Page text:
But administrators are looking for more than just easy maintenance when picking new floors

Do you ever think about air quality when putting a new floor into a school? Only in the past decade has this been among the questions purchasing officers have seriously considered.

From maintenance to color to price, the options for a school floor—an investment that is expected to last 25 to 30 years—are numerous. Amy Bostock, global brand manager for nora systems, Inc., says it’s only recently that administrators have begun considering different types of flooring. Because easy maintenance was previously the primary, and sometimes only, factor, schools typically had wood floors.

“Culturally, there was a mentality that if other products were introduced, the maintenance department would panic because they only knew how to wax and strip wooden floors. Everything else was so foreign,” she says.

One reason for the shift is that school leaders now are more cognizant about the quality of the materials in the flooring, Bostock says.

“Statistics have pointed to the necessity of high indoor air quality for proper early childhood development,” she says. “Flooring heavily influences air quality.”

Several aspects of flooring contribute to indoor air quality, including the amount of recycled materials, how many natural resources are consumed in the manufacturing process, and the amount of volatile organic compounds (VOCs) in the flooring. Using flooring that is made from mostly recycled materials, with little to no VOCS, and manufactured in a plant that uses few natural resources, will contribute to pollutant-free air and allow students to breathe easily.

Irwin Katzmann, a product manager for Armstrong World Industries’ commercial flooring division, says the company’s “BioBased Tile” is an option for schools that want to demonstrate a commitment to sustainability. With five times greater resistance to impact than standard tile (meaning a longer lifespan), BioBased Tile is comprised of a polymer made from rapidly renewable plant materials grown in the U.S. Ten percent of the material is pre-consumer recycled limestone.

Different areas, different needs

When school leaders first speak with flooring representatives, Katzmann says, a clear priority list is necessary. Knowing how much a district values performance, design, cost, ease of maintenance, and sustainability will make it easier to narrow options. It is also essential to think about specific spaces: because some floors have special requirements, you need to examine the material under the floor. Certain floors, for instance, have to be laid on concrete.

Floors in common spaces like cafeterias and auditoriums, which are used heavily both during and after school, need to stand up to constant use while remaining aesthetically appealing. Quality products can resist rips and other damages.

It is the quality of the product, plus proper installation, that ensures a long flooring life, Katzmann says.

“By their very nature, floors are subject to the toughest demands in a school building. Installation should be professionally done using the manufacturer’s recommended installation procedures.” Hiring the best professionals who will, for example, use the right adhesives to attach tiles to the underlying base of the floor will ensure the flooring lasts as long as possible.

Advantages of high-quality flooring

Kevin Elrath, manager of technical services for flooring company Stonhard, says that low-maintenance flooring has risen in popularity. A type of flooring that does not require heavy maintenance is polymer. This matte floor is poured over concrete, wood, or steel, and solidifies without the seams or weak points of tile.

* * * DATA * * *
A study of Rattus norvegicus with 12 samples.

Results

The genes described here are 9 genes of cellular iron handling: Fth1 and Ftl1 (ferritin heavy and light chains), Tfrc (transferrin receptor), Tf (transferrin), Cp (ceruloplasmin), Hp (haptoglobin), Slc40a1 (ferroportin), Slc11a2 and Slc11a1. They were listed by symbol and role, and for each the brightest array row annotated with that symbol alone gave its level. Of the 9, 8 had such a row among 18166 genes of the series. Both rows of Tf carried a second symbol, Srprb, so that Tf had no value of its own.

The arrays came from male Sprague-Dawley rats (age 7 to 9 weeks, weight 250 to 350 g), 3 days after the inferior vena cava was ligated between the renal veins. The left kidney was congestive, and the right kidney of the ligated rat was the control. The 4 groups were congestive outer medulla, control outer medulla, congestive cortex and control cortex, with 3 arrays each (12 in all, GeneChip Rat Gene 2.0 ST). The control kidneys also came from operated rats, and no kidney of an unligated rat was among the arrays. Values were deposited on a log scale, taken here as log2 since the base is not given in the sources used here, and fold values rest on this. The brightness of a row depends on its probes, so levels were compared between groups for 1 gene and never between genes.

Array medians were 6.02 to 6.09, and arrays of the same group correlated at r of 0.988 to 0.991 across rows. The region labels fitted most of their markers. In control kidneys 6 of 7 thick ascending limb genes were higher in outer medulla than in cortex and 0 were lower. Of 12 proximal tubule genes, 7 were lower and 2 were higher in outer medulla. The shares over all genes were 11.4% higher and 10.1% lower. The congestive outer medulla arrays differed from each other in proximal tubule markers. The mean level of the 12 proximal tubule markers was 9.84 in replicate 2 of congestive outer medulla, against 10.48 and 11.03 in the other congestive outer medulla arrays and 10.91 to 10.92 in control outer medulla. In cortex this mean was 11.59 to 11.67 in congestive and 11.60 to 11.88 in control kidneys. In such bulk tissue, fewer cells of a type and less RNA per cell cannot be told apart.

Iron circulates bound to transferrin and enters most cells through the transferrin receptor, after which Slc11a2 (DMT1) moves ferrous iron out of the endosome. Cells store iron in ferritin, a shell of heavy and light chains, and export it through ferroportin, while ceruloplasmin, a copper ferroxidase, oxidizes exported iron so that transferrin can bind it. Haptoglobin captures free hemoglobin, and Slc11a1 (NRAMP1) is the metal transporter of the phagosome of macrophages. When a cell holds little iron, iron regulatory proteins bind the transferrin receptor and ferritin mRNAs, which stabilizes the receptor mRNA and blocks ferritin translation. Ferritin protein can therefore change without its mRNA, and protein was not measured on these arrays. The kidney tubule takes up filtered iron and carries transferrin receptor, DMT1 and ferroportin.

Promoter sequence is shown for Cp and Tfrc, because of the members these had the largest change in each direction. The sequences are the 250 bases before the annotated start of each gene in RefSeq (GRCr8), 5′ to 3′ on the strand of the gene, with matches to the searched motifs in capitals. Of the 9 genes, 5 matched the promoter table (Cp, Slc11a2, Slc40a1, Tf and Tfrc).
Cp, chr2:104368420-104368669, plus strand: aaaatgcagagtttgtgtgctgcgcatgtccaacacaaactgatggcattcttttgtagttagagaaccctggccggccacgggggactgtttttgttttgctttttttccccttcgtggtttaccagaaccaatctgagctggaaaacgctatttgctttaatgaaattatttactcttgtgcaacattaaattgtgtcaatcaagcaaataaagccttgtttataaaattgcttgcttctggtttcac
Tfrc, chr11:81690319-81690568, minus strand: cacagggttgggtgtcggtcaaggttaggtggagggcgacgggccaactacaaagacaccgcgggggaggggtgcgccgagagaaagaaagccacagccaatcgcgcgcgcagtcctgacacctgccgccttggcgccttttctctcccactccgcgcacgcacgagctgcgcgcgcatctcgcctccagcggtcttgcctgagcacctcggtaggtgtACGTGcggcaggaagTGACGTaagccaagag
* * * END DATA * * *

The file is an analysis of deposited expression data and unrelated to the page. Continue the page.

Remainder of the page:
Because polymers only have to be mopped with soap and water, the maintenance costs are lower. Polymer ranges from several dollars to $45 per square foot.

The cost depends on the polymer’s color, design, and thickness. Stonres, a Stonhard product, is a sound-absorbent polymer that keeps the noise in hallways from interrupting classroom activities along the corridors.

When making a flooring purchase, Elrath suggests selecting products suitable for the different rooms in a school. For example, a slip resistant floor is essential in bathrooms and locker rooms. Kitchens require heat-resistant floors that can handle ovens or hot oil spills.

Thinking outside the box

Warren Thompson, supervisor of construction for Prince William County (Va.) Public Schools, says durability also is a priority. “When you build a school, you are constructing a forever building,” he says. “Your floors should not need mass refreshing for 25 to 30 years.”

Prince William County schools don’t all have the same flooring. Vinyl composition tile, which is common and very durable, has been holding up at the middle and high schools since 1990. It costs about $3 per-square foot to install.

Until the mid-1990s, the district’s elementary schools had carpet. However, after mold started growing, a special kind of noise-reducing vinyl composition tile was installed.

“Anyone looking at it thinks it’s carpet,” Thompson says. “However, it’s actually vinyl that seams together.”

For the young students who frequently sit and work on the floor, it is more comfortable than typical tile, he adds.

Additionally, the manufacturer that a school selects should be able to recommend a high-density floor, he says. Your classroom floors should not be so soft that heavy desks and chairs leave dimples.

Finally, schools should look around the community when selecting new flooring, Thompson says. “Find out what your local grocery store is using,” he says. “They get high foot traffic, and if the flooring works for them, it’ll work for you.”